Stand-up Boyle is best-known for his stint on Mock The Week
The BBC Trust's editorial standards committee (ESC) has apologised over a joke made by Frankie Boyle on Radio 4 comedy show Political Animal in 2008.
One person complained when the Scottish comedian compared the state of Palestine to a cake "being punched to pieces by a very angry Jew".
The BBC's complaints unit responded in December 2008, and agreed the comment was "inappropriate and offensive".
But the complainant was dissatisfied and took the issue to the BBC Trust.
He expressed concern that the remark had gone through the editorial process "without ringing any alarm bells".
The complaint was considered by the ESC, which is the ultimate arbiter in the BBC complaints process.
It has now responded, saying it endorsed the earlier finding about the use of the word "Jew".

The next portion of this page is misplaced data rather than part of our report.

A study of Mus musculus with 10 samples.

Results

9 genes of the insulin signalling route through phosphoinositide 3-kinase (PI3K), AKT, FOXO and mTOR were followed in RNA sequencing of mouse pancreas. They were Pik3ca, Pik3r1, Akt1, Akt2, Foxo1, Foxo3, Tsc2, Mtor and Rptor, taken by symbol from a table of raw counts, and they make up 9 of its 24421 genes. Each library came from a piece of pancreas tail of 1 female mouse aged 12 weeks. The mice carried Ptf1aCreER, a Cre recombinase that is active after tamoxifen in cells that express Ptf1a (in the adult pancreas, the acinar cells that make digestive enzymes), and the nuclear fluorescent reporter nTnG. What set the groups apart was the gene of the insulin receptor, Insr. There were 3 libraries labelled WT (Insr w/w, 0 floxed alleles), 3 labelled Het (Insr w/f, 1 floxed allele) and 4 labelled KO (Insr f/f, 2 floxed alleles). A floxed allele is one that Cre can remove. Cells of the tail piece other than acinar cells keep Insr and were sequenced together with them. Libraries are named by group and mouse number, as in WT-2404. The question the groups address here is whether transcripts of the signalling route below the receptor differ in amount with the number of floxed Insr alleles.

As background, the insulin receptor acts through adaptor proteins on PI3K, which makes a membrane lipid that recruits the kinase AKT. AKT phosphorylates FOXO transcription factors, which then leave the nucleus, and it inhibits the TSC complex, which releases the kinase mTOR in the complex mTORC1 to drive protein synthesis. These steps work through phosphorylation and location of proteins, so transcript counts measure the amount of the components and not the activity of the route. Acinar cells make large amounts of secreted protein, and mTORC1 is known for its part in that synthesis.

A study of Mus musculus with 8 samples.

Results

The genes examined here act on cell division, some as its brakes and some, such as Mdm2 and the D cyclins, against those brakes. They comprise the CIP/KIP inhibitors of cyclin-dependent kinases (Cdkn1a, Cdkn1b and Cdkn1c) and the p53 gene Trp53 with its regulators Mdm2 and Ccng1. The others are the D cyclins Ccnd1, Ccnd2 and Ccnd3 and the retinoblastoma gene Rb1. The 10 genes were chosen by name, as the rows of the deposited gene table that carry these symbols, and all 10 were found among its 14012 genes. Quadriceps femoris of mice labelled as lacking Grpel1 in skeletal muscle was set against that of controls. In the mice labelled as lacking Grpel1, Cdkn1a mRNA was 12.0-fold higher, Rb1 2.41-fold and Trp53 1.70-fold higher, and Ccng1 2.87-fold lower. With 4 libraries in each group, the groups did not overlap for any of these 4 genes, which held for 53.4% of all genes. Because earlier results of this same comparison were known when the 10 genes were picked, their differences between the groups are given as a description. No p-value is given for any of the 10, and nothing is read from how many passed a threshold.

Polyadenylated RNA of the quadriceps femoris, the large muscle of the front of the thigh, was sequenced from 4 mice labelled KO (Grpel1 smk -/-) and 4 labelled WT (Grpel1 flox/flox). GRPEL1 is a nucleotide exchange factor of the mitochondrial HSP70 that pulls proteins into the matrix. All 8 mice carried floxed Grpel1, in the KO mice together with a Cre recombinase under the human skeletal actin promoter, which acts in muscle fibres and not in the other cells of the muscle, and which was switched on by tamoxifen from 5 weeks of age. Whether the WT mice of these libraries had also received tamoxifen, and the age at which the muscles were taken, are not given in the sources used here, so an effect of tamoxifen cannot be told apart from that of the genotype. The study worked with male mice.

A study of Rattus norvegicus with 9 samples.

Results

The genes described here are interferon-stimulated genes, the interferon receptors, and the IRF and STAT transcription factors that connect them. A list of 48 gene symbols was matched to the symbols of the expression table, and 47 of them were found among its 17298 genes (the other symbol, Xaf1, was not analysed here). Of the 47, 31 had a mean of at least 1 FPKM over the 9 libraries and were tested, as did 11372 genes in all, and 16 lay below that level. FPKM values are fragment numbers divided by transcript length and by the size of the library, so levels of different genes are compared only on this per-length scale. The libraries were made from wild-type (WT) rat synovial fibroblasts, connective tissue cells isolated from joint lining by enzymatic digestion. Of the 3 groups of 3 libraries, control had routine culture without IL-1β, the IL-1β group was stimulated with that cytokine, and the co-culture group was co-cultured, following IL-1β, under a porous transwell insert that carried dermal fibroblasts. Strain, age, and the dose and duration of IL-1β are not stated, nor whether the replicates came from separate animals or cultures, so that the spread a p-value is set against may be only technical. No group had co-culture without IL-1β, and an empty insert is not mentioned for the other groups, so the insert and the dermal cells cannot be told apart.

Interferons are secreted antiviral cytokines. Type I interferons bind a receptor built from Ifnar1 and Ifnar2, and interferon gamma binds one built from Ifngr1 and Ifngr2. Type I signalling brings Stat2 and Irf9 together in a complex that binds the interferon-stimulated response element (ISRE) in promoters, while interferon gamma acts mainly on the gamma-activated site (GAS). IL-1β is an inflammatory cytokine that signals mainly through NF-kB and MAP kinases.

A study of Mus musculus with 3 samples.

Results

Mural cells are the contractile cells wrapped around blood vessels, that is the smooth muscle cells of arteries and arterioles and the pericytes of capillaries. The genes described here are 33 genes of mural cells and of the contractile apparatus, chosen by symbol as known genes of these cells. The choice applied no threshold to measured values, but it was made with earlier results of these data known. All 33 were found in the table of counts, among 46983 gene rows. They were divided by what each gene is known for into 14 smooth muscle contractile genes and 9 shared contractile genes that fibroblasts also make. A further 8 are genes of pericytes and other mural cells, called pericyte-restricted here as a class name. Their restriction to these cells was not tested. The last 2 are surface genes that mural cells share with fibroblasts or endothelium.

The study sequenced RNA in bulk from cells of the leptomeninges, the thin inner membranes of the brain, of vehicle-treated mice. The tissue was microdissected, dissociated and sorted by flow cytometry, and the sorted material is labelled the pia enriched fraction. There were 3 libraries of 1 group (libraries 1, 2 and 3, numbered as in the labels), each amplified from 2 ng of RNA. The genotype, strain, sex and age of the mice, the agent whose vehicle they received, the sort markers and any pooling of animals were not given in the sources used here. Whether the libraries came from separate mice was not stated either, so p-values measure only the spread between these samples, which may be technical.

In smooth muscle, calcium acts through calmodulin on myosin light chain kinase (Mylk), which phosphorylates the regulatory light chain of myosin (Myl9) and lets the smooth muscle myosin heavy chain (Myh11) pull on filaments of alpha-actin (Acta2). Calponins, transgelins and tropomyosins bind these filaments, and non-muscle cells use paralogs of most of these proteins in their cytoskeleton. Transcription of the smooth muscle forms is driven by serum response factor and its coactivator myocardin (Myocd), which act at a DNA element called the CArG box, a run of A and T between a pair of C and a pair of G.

It added: "As a result, the committee wished to apologise to the complainant on behalf of the BBC for any offence the remark may have caused him and other listeners to the programme."
The committee noted that the BBC had informed the radio show's production company that the material was unacceptable and breached guidelines.
Radio 4's commissioning editor also discussed the matter with Boyle's agent, who confirmed she had in turn raised the issue with her client.
The committee was satisfied "that the breach, while serious, did not require an apology or correction from the BBC online or on air.
"In conclusion, the committee stated that it was very sorry that the breach of editorial standards had occurred in this case, but was satisfied that no further action was required."
Boyle, 37, found himself in hot water again recently when the mother of a five-year-old girl with Down's syndrome criticised him for poking fun at people with the condition during a live show.
And last year, Mock The Week's producers were criticised by the BBC Trust over comments Boyle made on the show about swimmer Rebecca Adlington's appearance.
Another complaint against Mock The Week, relating to a comment Boyle made about the Queen, was not upheld as a breach of editorial standards by the trust.